I just finished the classroom portion of orientation for a float position at a new-to-me hospital. Well, the floating starter sooner than I expected. Instead of going to do the floor orientation, I was floated to do hematology/oncology orientation. Heaven KNOWS this is not where I wanted to go. But how could I say no. I mean, it was the first request.....JUST MY LUCK! So, I reported to the new assignment with wind in my jaws, steam coming out of my ears, and kicking rocks all the way there! Man, I was mad. But as the clients arrived, (it was an outpatient setting attached to the hospital), my anger faded. After all, I'm a professional, or so I'm told.
To my surprise, and I've been a nurse nearly 30 years so nothing surprises me, people that I didn't know walked through the door. No, I don't mean strangers from this new environment. I mean people who were not the 'frequent flyer'. It wasn't the sickle cell patient with the same story but with a different face. It was not the breast cancer patient who was planning the next dose of narcotics as I pushed the current dose. It was not the neutropenic patient that required us to don PPE time and time and time again prior to entering the room. No, I saw YOU come through the door; I saw my brother come through the door; I saw our friend come through the door; the reflection in the window showed ME coming through the door! After all these years of growing a tough-enough hide to survive in the world of nursing, i saw these patients fade into average people with the look of hope and desperation in their eyes as they watch these nurses delicately handle what hopes to TRULY be THE lifesaver in the palms of their hands. I saw our patients BEFORE they were sick. I saw those fascinated with "the portacath". I saw every-day people, people whom I've not seen since I 'got the hang of nursing'.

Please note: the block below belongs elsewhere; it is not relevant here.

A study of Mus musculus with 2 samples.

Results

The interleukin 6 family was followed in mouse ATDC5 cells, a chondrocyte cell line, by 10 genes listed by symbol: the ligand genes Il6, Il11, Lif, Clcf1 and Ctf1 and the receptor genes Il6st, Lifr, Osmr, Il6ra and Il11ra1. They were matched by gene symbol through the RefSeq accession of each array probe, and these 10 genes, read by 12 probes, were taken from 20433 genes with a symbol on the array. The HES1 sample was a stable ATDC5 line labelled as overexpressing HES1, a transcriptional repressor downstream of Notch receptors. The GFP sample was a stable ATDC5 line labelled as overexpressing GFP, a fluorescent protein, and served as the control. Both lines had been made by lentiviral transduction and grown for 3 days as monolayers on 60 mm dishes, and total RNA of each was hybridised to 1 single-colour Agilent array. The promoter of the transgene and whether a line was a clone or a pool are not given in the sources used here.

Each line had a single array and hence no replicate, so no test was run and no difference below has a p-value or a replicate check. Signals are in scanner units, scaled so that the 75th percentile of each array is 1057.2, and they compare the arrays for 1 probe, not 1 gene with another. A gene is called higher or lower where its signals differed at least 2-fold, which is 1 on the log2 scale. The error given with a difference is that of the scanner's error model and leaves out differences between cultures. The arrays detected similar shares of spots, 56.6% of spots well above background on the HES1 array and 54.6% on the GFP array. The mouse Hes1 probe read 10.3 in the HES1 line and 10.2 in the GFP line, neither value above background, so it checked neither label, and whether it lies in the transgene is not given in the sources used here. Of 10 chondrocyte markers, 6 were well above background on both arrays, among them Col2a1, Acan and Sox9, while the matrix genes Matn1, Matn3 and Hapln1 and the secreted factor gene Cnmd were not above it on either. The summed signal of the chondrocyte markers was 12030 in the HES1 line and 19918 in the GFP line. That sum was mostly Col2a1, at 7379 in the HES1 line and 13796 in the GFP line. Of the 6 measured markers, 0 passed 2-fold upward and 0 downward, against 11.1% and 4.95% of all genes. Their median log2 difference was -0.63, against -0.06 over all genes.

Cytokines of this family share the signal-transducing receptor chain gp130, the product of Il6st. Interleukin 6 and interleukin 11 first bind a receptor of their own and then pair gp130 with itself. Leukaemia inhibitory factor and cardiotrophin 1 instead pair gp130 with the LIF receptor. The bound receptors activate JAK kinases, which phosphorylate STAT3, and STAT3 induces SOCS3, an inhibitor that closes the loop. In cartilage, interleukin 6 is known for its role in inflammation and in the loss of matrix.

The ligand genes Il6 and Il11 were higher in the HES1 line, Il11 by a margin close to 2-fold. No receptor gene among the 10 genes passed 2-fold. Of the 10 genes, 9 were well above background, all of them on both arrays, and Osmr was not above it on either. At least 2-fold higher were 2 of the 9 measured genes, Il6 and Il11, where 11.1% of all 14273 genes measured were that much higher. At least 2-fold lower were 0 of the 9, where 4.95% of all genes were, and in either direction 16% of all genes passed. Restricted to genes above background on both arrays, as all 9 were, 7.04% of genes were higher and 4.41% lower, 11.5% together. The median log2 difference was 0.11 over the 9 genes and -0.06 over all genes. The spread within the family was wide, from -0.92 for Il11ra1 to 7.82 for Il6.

All these years, I avoided this area of nursing because all I could envision was repetitive blood transfusions! Instead, I found a group of people who said, without speaking a word, "please help me".
Is this what it feels like to be a born-again nurse? If it is, it is an absolutely overwhelming, but AMAZING feeling!!!!
Mar 2, '13
Oncology nurses can be such a blessing to their pts and pts families! Congrats on being "born again"
Mar 4, '13
I love that you found your new love for this specialty. I'm gonna have to steal that born again nurse phrase...too cute.